Most Americans know April 15th as Tax Day, but campaign finance observers also know it as the date when presidential candidates file their campaign’s first-quarter fundraising report. Traditionally, these filings have had a significant impact on media coverage and public perception of candidates. Those who demonstrated fundraising prowess early on were presumed to be front-runners with the support of their party’s leaders. Candidates who struggled were considered longshots for the White House.
However, April 15th isn’t quite what it used to be, according to The New York Times’ Nate Cohn in an interesting post at “The Upshot.” Cohn writes, “In 2007, [April 15th] was when we learned that Barack Obama could match the supposedly inevitable Hillary Rodham Clinton in fund-raising, and that John McCain wasn’t a real front-runner for the Republican nomination (although he managed to claw back to win it), despite his second-place G.O.P. showing in 2000. But this year, April 15 has come and gone without much news at all.”
The reason why is simple: recent Supreme Court decisions freeing independent spending changed the game by wresting control of the primary process away from the political parties. Now that groups and individuals are free to fundraise and speak independently about candidates through Super PACs, which aren’t subject to the burdensome contribution caps that candidates must abide by, winning the favor of a select few party elites has become less important. Per Cohn, “Along with Internet fund-raising, super PACs are helping to form an alternative campaign finance model that is eroding party control over the primary process.”
Thank goodness. If elections are about voters, then the support of party elites should not be a prerequisite for candidacy. Anyone whose ideas are good enough to win the support of their fellow citizens should have the opportunity to run a competitive campaign. Political parties are certainly important institutions in our democracy, but they shouldn’t have a monopoly on who gets to speak.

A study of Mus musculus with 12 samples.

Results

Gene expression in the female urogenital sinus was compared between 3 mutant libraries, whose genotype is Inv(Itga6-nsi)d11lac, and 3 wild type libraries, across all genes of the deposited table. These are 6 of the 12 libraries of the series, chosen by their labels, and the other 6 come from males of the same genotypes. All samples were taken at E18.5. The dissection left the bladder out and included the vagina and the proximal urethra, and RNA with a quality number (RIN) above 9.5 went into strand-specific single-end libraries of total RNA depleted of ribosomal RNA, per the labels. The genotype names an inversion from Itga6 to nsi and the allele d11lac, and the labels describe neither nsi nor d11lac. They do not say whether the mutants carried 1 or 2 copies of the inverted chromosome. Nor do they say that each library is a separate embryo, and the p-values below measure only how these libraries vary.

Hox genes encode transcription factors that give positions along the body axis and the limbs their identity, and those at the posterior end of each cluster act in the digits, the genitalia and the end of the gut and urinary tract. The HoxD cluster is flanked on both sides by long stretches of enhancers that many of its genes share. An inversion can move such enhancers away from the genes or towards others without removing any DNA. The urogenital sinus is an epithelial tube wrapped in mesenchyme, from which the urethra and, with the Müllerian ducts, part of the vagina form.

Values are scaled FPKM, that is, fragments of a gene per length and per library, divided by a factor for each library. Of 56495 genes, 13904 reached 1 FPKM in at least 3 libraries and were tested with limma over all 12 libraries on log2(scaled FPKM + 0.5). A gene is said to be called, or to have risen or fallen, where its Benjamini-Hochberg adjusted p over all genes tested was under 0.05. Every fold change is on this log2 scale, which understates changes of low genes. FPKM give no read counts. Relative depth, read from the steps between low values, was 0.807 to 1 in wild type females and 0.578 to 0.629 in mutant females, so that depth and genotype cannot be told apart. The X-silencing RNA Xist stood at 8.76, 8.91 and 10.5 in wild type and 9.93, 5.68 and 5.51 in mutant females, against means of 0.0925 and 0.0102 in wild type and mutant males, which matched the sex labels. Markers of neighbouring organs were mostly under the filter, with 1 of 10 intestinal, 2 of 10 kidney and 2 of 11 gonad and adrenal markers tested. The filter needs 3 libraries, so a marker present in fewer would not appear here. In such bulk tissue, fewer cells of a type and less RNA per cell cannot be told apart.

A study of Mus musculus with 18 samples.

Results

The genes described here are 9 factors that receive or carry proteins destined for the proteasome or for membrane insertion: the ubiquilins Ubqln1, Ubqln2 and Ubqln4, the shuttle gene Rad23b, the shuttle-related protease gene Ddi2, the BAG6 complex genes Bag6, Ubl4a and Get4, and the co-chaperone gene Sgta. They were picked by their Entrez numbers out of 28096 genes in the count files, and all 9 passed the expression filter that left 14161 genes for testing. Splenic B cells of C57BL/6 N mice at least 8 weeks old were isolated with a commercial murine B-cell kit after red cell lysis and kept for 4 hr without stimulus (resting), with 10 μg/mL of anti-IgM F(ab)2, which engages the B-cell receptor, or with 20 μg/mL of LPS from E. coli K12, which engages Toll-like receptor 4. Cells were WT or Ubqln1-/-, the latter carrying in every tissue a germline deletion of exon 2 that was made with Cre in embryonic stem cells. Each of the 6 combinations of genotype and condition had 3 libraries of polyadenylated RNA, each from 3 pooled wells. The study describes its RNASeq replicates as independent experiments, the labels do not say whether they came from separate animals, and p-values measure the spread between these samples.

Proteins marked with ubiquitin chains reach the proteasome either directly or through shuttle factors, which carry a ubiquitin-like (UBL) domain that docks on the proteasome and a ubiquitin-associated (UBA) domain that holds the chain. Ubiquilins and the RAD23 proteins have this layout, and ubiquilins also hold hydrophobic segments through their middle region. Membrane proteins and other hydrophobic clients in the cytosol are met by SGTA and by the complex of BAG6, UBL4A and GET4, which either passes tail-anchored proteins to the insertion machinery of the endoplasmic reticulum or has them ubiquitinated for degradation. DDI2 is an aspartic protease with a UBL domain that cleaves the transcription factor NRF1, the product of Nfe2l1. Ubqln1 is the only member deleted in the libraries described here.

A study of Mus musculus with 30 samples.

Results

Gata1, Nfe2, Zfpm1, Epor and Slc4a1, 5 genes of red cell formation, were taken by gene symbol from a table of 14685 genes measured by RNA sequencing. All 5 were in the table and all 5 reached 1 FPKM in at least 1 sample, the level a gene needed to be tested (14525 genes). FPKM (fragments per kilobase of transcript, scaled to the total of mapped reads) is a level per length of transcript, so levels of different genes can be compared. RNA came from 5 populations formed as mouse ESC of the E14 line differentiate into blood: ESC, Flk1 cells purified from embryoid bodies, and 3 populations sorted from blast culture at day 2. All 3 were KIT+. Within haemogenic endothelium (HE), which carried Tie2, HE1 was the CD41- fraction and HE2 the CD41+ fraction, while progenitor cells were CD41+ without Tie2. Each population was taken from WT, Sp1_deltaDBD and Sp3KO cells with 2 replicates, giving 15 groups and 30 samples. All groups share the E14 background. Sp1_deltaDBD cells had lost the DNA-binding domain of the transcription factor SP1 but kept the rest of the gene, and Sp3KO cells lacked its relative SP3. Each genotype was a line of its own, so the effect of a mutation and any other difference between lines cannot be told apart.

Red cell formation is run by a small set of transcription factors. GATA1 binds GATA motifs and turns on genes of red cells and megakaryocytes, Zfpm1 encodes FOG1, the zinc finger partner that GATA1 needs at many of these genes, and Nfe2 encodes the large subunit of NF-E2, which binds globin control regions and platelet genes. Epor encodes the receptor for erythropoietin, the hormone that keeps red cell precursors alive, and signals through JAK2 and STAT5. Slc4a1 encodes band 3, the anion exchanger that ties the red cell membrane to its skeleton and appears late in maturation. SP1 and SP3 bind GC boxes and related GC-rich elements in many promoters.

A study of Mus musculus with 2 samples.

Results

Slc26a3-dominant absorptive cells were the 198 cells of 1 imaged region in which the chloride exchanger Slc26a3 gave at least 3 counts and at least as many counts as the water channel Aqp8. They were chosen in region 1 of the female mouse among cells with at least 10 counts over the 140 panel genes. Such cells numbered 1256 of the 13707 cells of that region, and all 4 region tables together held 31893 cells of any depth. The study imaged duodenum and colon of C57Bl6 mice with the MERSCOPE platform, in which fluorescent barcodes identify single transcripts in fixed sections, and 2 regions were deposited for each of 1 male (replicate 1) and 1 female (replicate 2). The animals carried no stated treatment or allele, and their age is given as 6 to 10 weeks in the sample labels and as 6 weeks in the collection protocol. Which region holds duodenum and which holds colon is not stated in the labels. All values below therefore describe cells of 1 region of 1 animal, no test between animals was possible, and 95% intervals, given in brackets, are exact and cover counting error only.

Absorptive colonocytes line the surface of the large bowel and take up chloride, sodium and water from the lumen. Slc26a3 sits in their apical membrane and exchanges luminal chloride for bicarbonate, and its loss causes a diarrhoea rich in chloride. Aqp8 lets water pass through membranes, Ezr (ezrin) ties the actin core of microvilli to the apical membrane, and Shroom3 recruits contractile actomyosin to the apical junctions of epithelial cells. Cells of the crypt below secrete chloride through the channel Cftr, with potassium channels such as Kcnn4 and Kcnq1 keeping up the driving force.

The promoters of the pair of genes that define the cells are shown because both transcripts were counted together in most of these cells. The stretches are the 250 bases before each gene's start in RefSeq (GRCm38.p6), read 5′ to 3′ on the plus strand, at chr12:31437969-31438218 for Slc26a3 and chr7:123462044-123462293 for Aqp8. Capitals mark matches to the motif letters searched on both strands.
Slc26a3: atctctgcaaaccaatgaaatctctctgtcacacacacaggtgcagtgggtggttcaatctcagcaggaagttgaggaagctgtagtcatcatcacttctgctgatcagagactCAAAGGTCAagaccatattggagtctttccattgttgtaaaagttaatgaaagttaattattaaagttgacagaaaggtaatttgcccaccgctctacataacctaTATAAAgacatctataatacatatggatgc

Cohn points to Texas Senator Ted Cruz as an example of someone who may not have survived under the old system, saying there is “no precedent for the fund-raising success of Mr. Cruz, a candidate with virtually no support from party elites.” Whether Cruz will gather enough supporters to win the Republican nomination remains to be seen, but he should be allowed to try. If he falls short, only he and his supporters will have paid a price for supporting a failed campaign. If, on the other hand, certain ideas and candidates are excluded from the public debate by unnecessary campaign finance restrictions, we all lose.
Looking at Cruz, Kentucky Senator Rand Paul, New Jersey Governor Chris Christie, and former Arkansas Governor Mike Huckabee, Cohn sees a “star candidate” for each faction of the Republican Party. These candidates, he says, all have “big flaws” that make party leaders wary, but also have “natural bases of support and considerable political talent” that could propel them to victory.
In short, Cohn sees a race with a diverse range of candidates who each appeal to voters in a different way. It’s a race that couldn’t have existed under the old, party-dominated system. “Fifteen years ago, candidates such as these would have had virtually no shot of winning the nomination. It took broad support from party donors to build a large war chest – there was no way around it. Today, all it takes is Internet star power or the right wealthy benefactors. These candidates still don’t have a great shot at winning, but they can’t be completely ruled out anymore,” he notes.
If you needed more evidence that Citizens United and SpeechNow have created a more diverse, more competitive political process, now you have it.